Like most people wanting to park for free in Barcelona, we went up the hills and parked our vans near Montjuic’s diving pool, which I believe was abandoned at that time. But this was a bad idea because the next morning I woke up with my camper completely emptied out by burglars who stole from me while I was sleeping! My hard drives, music player, all of my clothing and some cameras were gone. Fortunately, they didn’t take all the heavy stuff, so my vinyl, mixer, speakers and two Technics were still there. And somehow my laptop was stuck behind my records, it was the only backup of all my tunes so I guess those Bunker Records from 2012 & 2014 wouldn’t have been here otherwise. Somehow I felt I had brought this upon myself, wanting to be the minimalist, and now I had even less stuff than before starting the trip. The only thing I really missed was my analog camera, for I had shot some nice pictures at Teknivals in Paris and Dresden.
For the next part of the trip, I drove to Vilnius where I played the Tundra Festival, a Goa trance festival (I know) with a techno/electro floor. I played with Manasyt; we just had the Artists Anonymous #2 out on Bunker so it was fun meeting him. On my way there I met a girl, the sister of some guy I met in Basel. I guess it’s how things go when traveling. Visiting friends of friends keep things familiar in a way. She was living in a Wagenplatz (basically a squatters’ trailer park) in Connewitz, the leftist area of town. Dubstep was really big back then, and I checked out Mala & Sgt Pokes at Conne Island. I’m pretty sure it’s the best DJ set I’ve ever seen. I also played an Electro set at an Antifa / Black bloc benefit event which I will never forget. Loads of these good (and bad) memories are the main reason I love coming back to Leipzig, so I’m glad I did one of my DRUM events in Institut fuer Zukunft (what a great club) there last January with Abdulla Rashim.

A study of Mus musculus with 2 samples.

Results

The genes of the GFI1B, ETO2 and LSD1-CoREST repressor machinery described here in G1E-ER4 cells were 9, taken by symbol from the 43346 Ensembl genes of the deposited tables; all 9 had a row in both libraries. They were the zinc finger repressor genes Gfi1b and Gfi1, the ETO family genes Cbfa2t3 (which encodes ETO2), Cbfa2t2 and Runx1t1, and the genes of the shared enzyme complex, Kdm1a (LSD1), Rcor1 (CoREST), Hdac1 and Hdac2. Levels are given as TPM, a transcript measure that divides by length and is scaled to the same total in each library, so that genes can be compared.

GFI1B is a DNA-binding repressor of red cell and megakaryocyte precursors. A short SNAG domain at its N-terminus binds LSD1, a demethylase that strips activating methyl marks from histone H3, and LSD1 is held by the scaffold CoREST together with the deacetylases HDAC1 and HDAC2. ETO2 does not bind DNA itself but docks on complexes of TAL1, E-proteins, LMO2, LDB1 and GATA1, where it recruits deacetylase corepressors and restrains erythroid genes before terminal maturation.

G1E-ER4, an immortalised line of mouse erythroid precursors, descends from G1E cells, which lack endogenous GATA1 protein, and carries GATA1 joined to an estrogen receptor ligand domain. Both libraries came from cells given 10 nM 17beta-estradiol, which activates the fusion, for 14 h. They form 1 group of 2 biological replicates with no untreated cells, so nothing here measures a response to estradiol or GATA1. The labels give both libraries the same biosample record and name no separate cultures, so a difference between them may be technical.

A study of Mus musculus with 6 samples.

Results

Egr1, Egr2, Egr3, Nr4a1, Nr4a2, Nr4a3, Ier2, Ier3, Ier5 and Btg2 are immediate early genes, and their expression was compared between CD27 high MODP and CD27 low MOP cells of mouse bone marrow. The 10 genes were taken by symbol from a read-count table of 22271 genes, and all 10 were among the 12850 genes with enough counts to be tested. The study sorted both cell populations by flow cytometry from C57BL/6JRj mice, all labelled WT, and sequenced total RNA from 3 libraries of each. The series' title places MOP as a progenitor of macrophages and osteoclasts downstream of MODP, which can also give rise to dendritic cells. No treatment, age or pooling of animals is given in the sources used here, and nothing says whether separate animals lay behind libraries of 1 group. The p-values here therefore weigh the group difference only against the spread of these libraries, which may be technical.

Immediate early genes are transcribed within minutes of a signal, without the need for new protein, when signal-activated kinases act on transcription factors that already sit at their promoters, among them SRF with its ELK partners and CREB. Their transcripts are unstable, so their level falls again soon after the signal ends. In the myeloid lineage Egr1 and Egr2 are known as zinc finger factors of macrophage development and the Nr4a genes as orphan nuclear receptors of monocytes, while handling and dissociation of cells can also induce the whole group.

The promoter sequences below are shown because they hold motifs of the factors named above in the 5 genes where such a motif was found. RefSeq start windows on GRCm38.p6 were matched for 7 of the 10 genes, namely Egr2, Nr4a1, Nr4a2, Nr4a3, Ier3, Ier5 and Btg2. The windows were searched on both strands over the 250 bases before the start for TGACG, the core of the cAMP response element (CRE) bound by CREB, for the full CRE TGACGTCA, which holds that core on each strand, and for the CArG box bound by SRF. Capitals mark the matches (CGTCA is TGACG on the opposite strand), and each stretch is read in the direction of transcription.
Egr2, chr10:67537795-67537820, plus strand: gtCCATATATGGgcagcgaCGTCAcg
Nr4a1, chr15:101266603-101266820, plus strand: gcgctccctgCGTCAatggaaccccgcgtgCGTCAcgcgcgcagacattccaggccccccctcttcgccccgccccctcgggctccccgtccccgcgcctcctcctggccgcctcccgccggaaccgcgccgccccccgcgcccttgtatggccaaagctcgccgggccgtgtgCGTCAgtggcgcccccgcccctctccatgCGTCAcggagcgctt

While looking for the location of this festival in Lithuania I got lost. Luckily I arrived a day or two early so I had time to figure out where to go. I walked into a restaurant and asked if people knew this place near Ukmergė, but nobody spoke a word of English. When I left I drove behind an old city bus from my hometown with a Dutch advertisement on the back. The city of Eindhoven must’ve sold the bus to this town, but I still can’t wrap my head around it; at that moment, being far away and seeing something so familiar was just extremely weird. Maybe I was just going mad.
Stream: Albert van Abbe – No Comment 9000
The trip lasted two years, traveling on and off and there are so many memories. I guess that’s the upside: the crazy stories you collect. The downside is that somehow because you’re living in a small space (the van) your world get’s very small as well. Also, it feels like you’re not really building up to anything, whatever that may be, so in the end, you feel like you are running from a home instead of making one.